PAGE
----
I’ve been visiting Peter Oosterman’s site (www.m-1helmet.com) for a while because, in my opinion, it is the nicest looking militaria-related site on the web. When I heard he was publishing a book on M1 helmets, I was eager to purchase a copy. My expectations were high because the book cost $119.90 (including international postage), but it ended up being money well spent.
M1 Helmets is hard cover with nice binding, excellent quality paper, and top-notch printing. The layout and photography are exceptional. It is written in French and English and easy to follow with 319 pages.
The first half of the book provides details and history about the M1 helmet shell, liner, and components without being text heavy. The second half is called “museum” and features amazing examples of M1 headgear. Most of the helmets are well researched with excellent provenance. I value this book because it is a go to reference that consolidates details that have been discussed and published elsewhere. The museum portion of the book is a wonderful bonus in that you have multiple-view images of helmets most of us will never own in our collections. These are cream of the crop M1 helmets including camos, unit marks, and airborne configurations.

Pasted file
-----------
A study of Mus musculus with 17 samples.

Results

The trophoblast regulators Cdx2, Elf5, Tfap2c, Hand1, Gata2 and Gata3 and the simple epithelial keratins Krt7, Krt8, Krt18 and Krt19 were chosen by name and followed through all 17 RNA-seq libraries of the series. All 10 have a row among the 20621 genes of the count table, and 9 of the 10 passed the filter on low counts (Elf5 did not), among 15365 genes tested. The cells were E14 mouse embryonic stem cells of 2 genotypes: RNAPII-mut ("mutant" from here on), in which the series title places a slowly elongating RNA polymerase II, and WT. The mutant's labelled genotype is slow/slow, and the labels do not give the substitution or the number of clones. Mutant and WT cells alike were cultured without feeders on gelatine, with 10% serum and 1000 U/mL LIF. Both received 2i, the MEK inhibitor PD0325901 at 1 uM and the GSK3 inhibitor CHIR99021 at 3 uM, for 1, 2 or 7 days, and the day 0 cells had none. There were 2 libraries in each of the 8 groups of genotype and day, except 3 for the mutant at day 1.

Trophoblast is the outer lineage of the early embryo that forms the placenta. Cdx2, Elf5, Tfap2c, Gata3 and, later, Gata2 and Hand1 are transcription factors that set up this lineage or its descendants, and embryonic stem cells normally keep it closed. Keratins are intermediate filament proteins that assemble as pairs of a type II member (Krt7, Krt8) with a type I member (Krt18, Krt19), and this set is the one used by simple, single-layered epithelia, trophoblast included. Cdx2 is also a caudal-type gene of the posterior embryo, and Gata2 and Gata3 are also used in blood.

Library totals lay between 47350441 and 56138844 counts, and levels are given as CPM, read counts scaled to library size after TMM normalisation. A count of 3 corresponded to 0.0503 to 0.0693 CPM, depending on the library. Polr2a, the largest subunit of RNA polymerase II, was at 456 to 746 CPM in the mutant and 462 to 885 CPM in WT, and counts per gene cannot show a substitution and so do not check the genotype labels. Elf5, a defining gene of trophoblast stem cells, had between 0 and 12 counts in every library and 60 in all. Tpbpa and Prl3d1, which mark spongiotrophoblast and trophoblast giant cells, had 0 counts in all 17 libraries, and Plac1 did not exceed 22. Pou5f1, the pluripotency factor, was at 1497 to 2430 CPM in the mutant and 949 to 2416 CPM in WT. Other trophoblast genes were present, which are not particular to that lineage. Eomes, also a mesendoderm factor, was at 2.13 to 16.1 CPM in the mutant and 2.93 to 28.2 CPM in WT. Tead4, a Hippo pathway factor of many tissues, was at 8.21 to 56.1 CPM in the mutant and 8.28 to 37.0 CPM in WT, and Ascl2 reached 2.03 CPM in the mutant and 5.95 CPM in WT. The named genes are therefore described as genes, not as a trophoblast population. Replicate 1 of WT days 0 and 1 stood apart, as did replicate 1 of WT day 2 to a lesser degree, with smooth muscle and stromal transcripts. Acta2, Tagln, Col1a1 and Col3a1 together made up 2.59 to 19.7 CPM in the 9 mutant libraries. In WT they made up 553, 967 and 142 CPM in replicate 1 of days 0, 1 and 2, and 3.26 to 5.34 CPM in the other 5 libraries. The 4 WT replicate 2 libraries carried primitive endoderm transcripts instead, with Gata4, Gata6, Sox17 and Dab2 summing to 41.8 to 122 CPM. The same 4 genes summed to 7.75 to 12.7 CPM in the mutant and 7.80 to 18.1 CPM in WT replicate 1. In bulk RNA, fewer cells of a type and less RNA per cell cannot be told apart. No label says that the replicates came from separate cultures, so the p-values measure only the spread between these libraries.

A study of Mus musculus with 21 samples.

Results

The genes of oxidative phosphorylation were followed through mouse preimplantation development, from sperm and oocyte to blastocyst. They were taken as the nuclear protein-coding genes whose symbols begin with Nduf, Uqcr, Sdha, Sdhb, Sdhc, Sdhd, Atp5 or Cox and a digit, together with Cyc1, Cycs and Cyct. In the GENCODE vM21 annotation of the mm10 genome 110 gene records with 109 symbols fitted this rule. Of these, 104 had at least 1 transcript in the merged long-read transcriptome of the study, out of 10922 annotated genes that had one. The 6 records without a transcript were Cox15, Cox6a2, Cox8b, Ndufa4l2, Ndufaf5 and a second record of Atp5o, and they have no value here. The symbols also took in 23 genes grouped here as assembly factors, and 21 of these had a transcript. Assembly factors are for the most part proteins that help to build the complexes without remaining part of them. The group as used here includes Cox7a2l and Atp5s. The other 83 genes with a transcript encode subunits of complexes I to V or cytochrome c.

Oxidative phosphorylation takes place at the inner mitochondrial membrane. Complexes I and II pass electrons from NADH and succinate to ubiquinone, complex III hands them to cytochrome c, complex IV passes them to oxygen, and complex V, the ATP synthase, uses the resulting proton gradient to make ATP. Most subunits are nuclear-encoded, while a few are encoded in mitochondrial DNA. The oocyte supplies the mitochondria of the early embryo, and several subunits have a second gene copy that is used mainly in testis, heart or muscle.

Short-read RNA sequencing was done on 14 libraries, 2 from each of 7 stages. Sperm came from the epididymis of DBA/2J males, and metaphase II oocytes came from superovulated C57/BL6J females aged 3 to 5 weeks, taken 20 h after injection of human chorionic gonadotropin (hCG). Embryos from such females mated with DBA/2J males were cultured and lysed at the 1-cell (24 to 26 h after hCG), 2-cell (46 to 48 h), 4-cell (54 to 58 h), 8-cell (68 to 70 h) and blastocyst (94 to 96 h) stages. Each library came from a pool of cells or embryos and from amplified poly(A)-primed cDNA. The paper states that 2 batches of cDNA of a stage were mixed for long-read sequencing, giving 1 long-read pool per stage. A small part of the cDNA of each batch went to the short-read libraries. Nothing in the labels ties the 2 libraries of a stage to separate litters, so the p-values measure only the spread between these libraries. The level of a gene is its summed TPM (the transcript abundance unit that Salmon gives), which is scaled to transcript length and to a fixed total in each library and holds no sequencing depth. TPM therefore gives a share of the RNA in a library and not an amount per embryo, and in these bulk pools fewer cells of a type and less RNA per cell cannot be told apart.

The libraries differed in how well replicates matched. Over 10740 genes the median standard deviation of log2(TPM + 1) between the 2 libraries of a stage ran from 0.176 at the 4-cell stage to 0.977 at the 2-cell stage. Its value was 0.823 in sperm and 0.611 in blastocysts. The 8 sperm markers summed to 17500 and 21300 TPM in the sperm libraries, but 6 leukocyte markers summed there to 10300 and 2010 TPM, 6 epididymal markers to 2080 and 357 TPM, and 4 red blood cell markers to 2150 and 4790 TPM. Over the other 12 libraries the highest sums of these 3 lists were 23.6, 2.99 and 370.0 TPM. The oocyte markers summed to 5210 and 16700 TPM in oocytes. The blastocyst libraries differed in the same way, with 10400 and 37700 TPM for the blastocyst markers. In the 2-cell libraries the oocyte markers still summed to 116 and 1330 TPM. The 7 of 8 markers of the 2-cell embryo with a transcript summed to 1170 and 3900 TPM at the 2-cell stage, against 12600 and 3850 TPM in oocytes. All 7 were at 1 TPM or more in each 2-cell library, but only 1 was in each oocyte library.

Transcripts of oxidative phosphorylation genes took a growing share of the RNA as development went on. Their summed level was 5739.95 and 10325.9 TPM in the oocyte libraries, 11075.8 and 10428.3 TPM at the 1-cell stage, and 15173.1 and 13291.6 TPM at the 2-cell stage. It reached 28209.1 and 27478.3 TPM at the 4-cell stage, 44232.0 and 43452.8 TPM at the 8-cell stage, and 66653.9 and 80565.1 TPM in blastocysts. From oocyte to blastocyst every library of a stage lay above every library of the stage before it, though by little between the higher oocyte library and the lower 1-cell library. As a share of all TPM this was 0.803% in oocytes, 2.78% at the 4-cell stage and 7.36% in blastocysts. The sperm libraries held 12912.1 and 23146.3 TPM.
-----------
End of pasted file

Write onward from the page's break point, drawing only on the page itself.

Overall the book is excellent, but I was disappointed the author only discussed fixed bale helmets and left out swivel bales. He also did not weigh in on the ongoing front seam / rear seam debate regarding when the changeover took place, etc. The author did an excellent job verifying contract dates for many other helmet features that I assumed he would have insight to provide for this. Hopefully, his book will be successful enough to merit a follow up that includes these missing subjects and more.
M1 Helmet of the WW2 US GI is available for purchase at www.m-1helmet.com.
Chris Hughes is a WorthPoint Worthologist specializing in 20th century militaria and the owner of Rally Point Militaria and Vietnam Uniform – Military Collectibles sites.